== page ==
Remembering Nikola Tesla, an engineer's engineer

July 10 is the birthday of Nikola Tesla, one of the most famous, yet underappreciated, electrical engineering minds of all time. He died in 1943 alone, broke, and quite possibly insane in New York City. Today a Google search for 'Tesla' brings up a bunch of car dealerships before the Wikipedia entry for the great inventor himself. But for many electrical engineers like me who chose to go into power engineering, Tesla is a hero.

Tesla did not innovate for money or fame. He never made a fortune. Instead, this Serb genius was hell bent on discovery. He obtained nearly 300 patents, and his work varied from AC power to vertical takeoff aircraft, and everything in between. He did make some money along the way but put it right back into his work.

Did Tesla fit in socially? Well, he was different for sure. He mastered more than eight languages. His skills in language, food, and poetry won him friends ranging from Francis Marion Crawford to Mark Twain. In the engineering world, having 300 patents and hanging out with the guy who wrote The Adventures of Tom Sawyer" makes you a real rock star!

As years go by, the world is becoming more aware, more understanding, and more fascinated with the life of Nikola Tesla. Companies are now named after him — and one of my favorite conference rooms at the APPA office bears the apt moniker. He even played a supporting role — as played by David Bowie — in the major Hollywood film The Prestige. Engineering greats like Thomas Edison and Guglielmo Marconi have seen their pasts re-written as the evidence has allowed the history books to catch up with Tesla's genius.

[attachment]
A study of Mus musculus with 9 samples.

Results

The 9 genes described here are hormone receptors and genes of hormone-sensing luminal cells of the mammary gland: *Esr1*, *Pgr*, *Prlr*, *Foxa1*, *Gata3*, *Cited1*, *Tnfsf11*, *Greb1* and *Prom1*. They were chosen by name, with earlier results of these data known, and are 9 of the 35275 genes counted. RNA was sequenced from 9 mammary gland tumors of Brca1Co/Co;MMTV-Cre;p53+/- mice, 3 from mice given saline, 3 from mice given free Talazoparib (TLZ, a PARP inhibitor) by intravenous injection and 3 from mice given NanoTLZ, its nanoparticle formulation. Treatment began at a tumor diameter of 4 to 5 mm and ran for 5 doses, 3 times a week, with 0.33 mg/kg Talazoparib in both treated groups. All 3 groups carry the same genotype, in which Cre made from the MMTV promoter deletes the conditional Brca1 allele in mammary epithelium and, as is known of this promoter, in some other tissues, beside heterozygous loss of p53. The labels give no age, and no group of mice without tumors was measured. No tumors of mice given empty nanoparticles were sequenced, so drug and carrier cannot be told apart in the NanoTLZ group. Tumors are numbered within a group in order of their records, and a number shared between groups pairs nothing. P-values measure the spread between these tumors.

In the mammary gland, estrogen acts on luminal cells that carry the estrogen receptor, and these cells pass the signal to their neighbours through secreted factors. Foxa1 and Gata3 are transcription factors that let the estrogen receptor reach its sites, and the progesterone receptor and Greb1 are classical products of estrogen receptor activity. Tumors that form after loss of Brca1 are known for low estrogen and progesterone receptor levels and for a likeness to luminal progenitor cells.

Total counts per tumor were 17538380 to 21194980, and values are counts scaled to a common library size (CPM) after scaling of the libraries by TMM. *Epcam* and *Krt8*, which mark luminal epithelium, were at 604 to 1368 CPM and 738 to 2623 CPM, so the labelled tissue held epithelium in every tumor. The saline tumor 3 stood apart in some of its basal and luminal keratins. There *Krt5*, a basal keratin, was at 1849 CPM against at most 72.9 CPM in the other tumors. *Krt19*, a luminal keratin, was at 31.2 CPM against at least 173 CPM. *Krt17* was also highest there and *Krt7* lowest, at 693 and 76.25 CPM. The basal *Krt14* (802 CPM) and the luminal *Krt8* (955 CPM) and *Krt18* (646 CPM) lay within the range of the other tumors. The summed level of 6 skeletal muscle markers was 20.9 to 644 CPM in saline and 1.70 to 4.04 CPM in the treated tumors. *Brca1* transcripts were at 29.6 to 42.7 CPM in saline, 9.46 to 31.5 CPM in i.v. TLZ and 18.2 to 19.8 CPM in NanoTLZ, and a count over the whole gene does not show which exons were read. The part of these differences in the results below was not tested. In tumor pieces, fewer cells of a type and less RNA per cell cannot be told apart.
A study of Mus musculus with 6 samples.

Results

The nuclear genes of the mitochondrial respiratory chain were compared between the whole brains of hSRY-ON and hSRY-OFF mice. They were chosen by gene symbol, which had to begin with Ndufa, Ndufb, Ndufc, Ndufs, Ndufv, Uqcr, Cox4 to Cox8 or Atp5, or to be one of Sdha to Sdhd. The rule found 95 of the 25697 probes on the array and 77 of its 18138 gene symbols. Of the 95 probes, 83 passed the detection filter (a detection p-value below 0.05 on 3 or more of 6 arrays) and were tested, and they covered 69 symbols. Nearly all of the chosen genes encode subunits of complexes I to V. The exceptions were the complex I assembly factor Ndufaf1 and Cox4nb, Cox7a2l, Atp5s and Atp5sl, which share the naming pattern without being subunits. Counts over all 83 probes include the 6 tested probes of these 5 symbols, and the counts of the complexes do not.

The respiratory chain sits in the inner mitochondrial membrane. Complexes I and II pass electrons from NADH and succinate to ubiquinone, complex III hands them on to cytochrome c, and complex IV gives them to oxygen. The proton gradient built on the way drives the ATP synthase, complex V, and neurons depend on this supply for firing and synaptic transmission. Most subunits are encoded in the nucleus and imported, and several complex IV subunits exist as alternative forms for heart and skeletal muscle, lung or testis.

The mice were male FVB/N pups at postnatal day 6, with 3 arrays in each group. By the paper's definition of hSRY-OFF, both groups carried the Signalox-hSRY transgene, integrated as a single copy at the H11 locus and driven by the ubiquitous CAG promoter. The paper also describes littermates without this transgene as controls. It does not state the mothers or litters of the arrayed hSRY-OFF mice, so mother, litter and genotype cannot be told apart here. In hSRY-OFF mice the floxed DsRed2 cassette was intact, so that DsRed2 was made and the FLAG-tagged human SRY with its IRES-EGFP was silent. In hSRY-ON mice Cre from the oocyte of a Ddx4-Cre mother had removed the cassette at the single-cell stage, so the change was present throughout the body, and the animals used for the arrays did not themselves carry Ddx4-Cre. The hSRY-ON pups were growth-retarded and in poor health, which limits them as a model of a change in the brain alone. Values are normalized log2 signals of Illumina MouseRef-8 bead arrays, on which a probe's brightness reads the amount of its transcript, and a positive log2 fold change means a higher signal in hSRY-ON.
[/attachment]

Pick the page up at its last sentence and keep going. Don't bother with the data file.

The next time you turn on a light switch, fly a radio-controlled airplane, or get an X-ray, think about the man who had a lot to do with the inventions to make all this possible —— Nikola Tesla.

Happy birthday to the patron saint of power engineers. May his spirit of innovation continue to inspire us as we define a new era of electricity and public power."